Not playing God

As we continue to weigh the incoming medical data on COVID-19, there remain a variety of other factors that require our consideration, not the least of which is the economic fallout of the stay-at-home quarantine. Attending to the public health, broadly understood, involves recognizing the interactions between a number of factors. At times, this seems like a grisly calculus between individual lives and the collective economy.

Unless we can think beyond the given paradigms to more creative solutions. Which is just what Robert Reed is suggesting in his recent blogpost at The Hedgehog Review. 

First, Reed considers the arc of the spreading virus, following (with links) various estimates of the spreading pandemic. Next, he looks at other micro examples of medical triage in disasters like the aftermath of Hurricane Katrina or that of the Haitian earthquake of 2010. Then, Reed points to the ethical training of medical students, pointing to their limited frame of reference, namely “three ethical theories.”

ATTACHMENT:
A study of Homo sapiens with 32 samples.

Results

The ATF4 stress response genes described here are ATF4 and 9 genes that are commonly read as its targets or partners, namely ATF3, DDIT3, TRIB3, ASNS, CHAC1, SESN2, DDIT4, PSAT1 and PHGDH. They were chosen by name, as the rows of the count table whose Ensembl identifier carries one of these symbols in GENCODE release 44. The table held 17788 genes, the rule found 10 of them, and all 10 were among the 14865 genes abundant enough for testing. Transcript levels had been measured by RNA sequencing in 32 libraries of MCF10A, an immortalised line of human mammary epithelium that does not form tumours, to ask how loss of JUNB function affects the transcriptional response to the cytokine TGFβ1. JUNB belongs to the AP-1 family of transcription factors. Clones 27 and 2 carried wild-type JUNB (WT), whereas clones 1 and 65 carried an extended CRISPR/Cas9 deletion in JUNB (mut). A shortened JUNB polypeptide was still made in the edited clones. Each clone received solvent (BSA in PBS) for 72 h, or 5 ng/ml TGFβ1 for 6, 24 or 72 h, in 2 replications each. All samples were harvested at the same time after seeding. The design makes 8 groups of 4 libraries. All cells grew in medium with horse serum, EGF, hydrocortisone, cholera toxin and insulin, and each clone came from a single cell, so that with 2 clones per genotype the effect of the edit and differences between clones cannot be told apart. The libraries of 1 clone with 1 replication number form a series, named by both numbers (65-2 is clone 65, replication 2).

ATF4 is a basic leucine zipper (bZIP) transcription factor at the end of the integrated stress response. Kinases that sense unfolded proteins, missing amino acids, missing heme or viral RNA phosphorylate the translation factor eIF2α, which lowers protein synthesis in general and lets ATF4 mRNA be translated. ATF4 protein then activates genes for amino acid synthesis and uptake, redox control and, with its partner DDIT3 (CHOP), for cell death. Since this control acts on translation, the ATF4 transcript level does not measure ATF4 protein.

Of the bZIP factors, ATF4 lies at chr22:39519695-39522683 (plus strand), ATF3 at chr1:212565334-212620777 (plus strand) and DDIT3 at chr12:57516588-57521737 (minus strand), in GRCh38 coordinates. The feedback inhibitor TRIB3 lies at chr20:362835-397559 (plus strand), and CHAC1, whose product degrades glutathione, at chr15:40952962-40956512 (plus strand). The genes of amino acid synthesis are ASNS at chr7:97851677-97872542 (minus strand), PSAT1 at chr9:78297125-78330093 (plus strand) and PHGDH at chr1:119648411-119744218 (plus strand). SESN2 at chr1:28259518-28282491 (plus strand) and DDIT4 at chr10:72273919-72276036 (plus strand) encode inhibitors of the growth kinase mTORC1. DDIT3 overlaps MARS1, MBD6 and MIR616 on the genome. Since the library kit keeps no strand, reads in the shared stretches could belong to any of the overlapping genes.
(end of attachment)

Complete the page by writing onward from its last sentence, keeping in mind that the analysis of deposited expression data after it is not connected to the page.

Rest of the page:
This [medical training] paradigm limits us by encouraging us to think we have solved the problem once we have finished the math,” says Reed. Rather than thinking strictly in preconceived categories, Reed argues that “we don’t want to be stuck conceiving of the situation as one that necessarily opposes the vulnerable to the economy in a zero-sum game.”

Reed might be onto something here, if we can find the right kind of flexible paradigm that allows us to continue to sort through data while recognizing competing moral demands that do not lend themselves to simple answers.